Backyard poultry farmers lose livelihoods
Jos, Nigeria – The road out of poverty is no longer straight and smooth for small-scale urban farmers in the egg capital of Nigeria.

Located on the cool Jos Plateau, this city has an ideal climate for poultry production, supporting 2 000 mostly small-scale producers, who ship eggs all over the country. But bird flu has torn through backyard hen houses, causing hardship among those who count on profits to feed their families, pay for education for their children or provide small pensions.

"I don't know where it came from. All I know is that another farm in the area became infected and then mine. I lost 7 000 chickens," says a dejected Pius Ilonah, 52. "Since then, friends have been donating food and some money to my family. We don't have any savings or any other source of income and are just managing."

Two of his children are in high school and two in university, well on their way to good jobs and a better life. Now, the dream may be over.

"We are waiting for the government to give us whatever they will give us so we can restart," he says. "I would borrow money but the bank wants my land as collateral. I need 1 000 layers as a starting point, which would cost 800 000 naira (US$6 000). That's a lot of money. Who is going to lend me that?"

Government veterinarians explain another problem that small-scale egg farmers like Mr Ilonah are going to have resuming production. Encouraged by the government in the 1970s, thousands of urban Nigerians started small backyard poultry businesses as a way out of poverty. Whole residential neighbourhoods built rudimentary hen coops, often cutting corners on bird health, hygiene and biosecurity. When a livestock disease as virulent as the H5N1 avian flu virus arrived, it was a disaster waiting to happen.

"You can see his coops don't have proper ventilation. And this neighbourhood has too many backyard operations. It is too crowded for good animal health," says veterinarian Dr Ezek Pam. "In order to be recertified, he'll have to move."

Good farm practice

In an industrial park on the outskirts of the city, Sherifat Sheriff runs a model poultry farm with 5 000 laying chickens in clean, well-ventilated facilities located in a large compound behind high walls. The hen houses are screened so no wild birds can enter. Her 10 farm labourers wear face masks, and overalls that they must remove whenever they go off site. Only visitors on business may enter – before family members would come and go – and they must dip their shoes in disinfectant at the gate to prevent the virus being tracked in.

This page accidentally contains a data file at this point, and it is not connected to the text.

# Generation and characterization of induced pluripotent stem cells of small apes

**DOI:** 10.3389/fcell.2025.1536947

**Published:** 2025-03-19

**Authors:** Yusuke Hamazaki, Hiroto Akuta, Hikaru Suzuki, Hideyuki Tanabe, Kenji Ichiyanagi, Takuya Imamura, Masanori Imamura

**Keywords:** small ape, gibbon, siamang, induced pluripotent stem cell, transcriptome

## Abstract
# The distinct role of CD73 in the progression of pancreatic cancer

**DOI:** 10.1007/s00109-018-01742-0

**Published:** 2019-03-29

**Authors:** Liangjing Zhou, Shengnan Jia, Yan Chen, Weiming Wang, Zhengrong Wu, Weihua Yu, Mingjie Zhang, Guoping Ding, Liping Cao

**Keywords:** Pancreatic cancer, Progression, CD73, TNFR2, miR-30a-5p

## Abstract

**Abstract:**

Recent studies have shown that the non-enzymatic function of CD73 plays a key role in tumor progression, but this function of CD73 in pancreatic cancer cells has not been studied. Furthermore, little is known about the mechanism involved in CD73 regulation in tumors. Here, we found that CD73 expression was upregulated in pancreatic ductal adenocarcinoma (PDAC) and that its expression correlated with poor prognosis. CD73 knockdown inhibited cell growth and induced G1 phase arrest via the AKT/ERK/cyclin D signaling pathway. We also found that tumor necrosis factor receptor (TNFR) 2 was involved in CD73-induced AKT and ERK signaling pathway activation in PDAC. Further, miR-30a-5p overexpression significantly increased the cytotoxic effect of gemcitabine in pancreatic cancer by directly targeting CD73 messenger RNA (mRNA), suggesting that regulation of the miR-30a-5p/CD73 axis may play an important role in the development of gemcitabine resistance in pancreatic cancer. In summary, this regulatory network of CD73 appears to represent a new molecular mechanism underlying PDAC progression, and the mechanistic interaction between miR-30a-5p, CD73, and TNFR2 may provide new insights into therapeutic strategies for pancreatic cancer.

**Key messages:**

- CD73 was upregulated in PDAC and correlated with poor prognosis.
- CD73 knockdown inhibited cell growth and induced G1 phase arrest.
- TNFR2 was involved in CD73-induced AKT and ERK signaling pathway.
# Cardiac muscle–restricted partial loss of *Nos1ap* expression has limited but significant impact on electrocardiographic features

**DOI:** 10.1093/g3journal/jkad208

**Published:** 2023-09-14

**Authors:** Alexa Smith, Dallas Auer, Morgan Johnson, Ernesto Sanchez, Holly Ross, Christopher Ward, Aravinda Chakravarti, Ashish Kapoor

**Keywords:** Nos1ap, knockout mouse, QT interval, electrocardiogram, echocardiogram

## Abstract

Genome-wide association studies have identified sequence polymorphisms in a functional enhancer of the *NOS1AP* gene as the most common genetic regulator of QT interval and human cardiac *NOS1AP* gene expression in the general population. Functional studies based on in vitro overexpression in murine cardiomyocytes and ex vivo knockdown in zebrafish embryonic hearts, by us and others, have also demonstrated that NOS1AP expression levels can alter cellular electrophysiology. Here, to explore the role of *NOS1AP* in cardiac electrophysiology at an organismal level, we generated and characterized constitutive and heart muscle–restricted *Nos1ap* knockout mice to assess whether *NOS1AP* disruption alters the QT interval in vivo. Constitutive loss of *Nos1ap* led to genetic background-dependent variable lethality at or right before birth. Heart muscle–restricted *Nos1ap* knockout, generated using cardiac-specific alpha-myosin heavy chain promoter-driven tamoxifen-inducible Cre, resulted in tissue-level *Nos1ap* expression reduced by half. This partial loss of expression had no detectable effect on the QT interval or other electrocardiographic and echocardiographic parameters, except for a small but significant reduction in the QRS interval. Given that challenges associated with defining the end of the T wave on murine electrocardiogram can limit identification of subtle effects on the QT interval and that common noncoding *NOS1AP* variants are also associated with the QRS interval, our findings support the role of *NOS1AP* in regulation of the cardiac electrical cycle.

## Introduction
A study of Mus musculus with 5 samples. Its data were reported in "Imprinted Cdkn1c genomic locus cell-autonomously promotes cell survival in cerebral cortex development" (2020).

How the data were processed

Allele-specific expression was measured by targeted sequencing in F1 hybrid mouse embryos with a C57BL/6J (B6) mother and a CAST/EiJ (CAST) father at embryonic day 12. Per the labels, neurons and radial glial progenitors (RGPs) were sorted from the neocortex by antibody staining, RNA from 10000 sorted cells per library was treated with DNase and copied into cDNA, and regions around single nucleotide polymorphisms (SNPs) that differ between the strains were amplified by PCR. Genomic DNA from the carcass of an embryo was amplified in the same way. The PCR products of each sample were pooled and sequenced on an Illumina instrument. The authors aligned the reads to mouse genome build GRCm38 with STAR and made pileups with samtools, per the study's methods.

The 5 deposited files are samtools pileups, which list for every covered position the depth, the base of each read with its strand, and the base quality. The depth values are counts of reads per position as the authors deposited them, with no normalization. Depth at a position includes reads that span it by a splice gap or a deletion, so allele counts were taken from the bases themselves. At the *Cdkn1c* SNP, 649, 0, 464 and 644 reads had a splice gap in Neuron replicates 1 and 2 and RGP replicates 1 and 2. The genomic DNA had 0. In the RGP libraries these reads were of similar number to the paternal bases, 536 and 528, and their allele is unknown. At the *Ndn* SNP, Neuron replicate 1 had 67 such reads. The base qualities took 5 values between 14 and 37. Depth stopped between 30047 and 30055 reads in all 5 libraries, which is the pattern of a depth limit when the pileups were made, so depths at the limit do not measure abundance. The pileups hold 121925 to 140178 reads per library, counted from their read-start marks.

"Since I started my business in 1993 I've been very careful and haven't been wiped out by any disease," says Ms Sheriff. She explains that, unlike for the Ilonahs, egg farming is only one economic activity for her family. Her husband is an engineer, and one of their children is in university overseas, the others in elite local high schools.

Fears are being expressed that the bird flu crisis, not only in Nigeria but all over the world, will force poor small-scale producers out of business, with large-scale producers taking up the slack.

State of play

As of April 2006, 750 000 poultry had died of bird flu or been culled in Nigeria out of a total poultry population of 140 million. So far, animal health authorities have depended on a compensation scheme for affected farmers to encourage reporting of outbreaks, then cleaning out the affected area. An extensive public communication campaign advises producers on how to protect their flocks.


Pius Ilonah outside his empty hen coop.

FAO/S. Nelson

A good climate and industrious citizens made Jos the egg capital of Nigeria.